Delayed Release of Study Clears Fracking in Groundwater Impact in Ohio

Another study has been produced showing no groundwater impact from hydraulic fracturing, at least in eastern Ohio.

A report in the journal Environmental Monitoring Assessment credited the study by the University of Cincinnati. Using data collected between 2012 and 2015 and 191 samples from 25 water wells, the study concentrated on drilling in the Utica Shale.

Researchers discovered that methane found in the water samples was biogenic and not from Utica Shale drilling.

“We found no relationship between Ch4 (methane) concentration or source in groundwater and proximity to active gas well sites,” said geology professor Amy Townsend-Small and the five other authors of the publication.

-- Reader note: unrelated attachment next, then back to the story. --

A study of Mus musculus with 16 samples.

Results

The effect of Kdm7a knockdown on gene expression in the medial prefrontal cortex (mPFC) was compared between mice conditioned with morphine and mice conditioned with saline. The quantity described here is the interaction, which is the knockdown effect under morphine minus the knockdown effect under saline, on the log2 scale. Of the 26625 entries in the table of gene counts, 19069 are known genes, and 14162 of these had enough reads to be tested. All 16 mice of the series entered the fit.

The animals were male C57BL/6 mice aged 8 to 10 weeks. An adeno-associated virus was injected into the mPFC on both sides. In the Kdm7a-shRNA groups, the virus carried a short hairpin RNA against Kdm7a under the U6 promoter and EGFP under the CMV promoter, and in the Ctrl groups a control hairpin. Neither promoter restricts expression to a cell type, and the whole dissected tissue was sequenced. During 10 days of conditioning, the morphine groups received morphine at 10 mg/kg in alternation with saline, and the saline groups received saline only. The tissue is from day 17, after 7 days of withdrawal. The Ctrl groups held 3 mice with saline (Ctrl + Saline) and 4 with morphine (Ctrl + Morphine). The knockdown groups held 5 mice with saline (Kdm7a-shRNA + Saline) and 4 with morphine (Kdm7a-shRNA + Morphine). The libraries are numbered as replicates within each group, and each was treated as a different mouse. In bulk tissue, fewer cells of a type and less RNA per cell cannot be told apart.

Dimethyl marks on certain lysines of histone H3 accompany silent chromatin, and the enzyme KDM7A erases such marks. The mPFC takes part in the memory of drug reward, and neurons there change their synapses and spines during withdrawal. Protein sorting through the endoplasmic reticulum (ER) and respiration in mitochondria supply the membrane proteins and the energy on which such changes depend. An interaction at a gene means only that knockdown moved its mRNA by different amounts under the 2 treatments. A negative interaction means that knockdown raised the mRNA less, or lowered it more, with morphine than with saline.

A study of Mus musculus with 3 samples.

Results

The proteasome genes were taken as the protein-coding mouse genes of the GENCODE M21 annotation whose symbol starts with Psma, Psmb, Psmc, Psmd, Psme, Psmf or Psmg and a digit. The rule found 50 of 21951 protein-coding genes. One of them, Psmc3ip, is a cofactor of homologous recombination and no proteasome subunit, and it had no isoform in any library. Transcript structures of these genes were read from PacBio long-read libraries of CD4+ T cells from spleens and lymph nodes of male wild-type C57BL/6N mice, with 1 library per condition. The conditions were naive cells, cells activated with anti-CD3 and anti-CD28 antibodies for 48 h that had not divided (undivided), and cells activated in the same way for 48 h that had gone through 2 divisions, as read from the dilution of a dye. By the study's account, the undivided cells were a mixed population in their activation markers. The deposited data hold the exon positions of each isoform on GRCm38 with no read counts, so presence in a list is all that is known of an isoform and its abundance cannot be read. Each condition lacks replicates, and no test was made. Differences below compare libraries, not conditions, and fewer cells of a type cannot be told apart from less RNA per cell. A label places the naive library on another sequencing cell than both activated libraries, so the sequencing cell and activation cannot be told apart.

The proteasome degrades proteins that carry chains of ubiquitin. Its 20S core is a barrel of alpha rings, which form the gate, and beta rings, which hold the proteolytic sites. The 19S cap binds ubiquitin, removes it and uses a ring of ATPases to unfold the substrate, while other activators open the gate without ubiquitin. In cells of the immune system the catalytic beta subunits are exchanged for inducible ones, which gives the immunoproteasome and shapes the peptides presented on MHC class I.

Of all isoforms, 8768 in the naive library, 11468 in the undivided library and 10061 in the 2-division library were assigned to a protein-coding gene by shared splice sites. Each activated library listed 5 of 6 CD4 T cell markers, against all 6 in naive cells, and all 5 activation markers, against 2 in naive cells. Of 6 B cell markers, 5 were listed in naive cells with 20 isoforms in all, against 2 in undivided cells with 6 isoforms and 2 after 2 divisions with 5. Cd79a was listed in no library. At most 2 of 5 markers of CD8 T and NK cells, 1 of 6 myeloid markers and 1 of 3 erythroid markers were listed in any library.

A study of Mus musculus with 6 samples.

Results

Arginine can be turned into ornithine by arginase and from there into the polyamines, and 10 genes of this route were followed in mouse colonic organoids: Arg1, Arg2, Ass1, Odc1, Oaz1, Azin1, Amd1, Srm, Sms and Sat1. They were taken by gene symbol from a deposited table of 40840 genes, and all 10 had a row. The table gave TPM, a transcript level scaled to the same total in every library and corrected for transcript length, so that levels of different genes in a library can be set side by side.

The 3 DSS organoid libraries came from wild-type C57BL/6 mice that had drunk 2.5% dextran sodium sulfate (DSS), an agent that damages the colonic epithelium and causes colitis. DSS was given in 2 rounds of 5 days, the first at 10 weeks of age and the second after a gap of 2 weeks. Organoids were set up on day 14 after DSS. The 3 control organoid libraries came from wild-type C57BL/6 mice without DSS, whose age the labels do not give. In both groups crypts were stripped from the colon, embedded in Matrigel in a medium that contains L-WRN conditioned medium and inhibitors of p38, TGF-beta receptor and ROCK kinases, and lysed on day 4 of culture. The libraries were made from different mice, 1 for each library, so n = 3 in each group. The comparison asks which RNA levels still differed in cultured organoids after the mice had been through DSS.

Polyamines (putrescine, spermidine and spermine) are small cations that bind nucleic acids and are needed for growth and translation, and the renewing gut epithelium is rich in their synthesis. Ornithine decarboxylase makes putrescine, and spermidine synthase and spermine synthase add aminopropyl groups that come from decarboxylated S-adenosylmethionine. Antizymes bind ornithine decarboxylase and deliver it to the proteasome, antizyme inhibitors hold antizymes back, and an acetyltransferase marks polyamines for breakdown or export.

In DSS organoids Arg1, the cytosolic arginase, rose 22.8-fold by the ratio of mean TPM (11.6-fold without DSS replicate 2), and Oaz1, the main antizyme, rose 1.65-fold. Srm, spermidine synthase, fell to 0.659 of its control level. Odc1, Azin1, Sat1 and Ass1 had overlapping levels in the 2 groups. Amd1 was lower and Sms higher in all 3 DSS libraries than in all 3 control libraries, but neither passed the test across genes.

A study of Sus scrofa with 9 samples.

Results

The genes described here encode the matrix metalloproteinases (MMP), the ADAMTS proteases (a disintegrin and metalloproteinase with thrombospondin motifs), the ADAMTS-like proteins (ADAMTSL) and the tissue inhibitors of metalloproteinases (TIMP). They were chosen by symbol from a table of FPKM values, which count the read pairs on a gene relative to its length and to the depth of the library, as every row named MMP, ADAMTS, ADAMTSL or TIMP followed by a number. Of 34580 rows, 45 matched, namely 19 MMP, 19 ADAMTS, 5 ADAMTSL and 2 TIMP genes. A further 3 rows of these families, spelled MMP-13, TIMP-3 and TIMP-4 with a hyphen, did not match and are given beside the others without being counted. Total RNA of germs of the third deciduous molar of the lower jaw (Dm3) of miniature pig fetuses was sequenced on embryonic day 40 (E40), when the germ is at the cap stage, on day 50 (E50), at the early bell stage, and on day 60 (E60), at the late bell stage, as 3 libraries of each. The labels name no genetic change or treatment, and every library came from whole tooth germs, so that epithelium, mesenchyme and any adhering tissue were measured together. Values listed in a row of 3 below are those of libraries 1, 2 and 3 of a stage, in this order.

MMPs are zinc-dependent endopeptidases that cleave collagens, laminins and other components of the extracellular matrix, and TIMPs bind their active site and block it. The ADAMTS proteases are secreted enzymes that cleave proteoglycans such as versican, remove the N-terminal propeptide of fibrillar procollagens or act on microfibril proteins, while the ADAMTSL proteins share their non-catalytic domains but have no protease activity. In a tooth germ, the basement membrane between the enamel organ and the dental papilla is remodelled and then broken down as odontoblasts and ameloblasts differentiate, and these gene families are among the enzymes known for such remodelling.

In addition, “… our data do not indicate any intrusion of high conductivity fracking fluids as the number of fracking wells increased in the region,” they added.

But as the late Paul Harvey used to say, “Now the rest of the story.”

The results of the study were actually released in 2016 but quietly because two of the supporting foundations that had funded it sought different results. They professed the drilling had harmed groundwater. So the two groups withdrew from the project.

At the time, the results were posted on a YouTube video and did not get much publicity. Since then, criticism grew from pro-drilling groups and legislators who chided the researchers and the university for not releasing more information about the results of the study.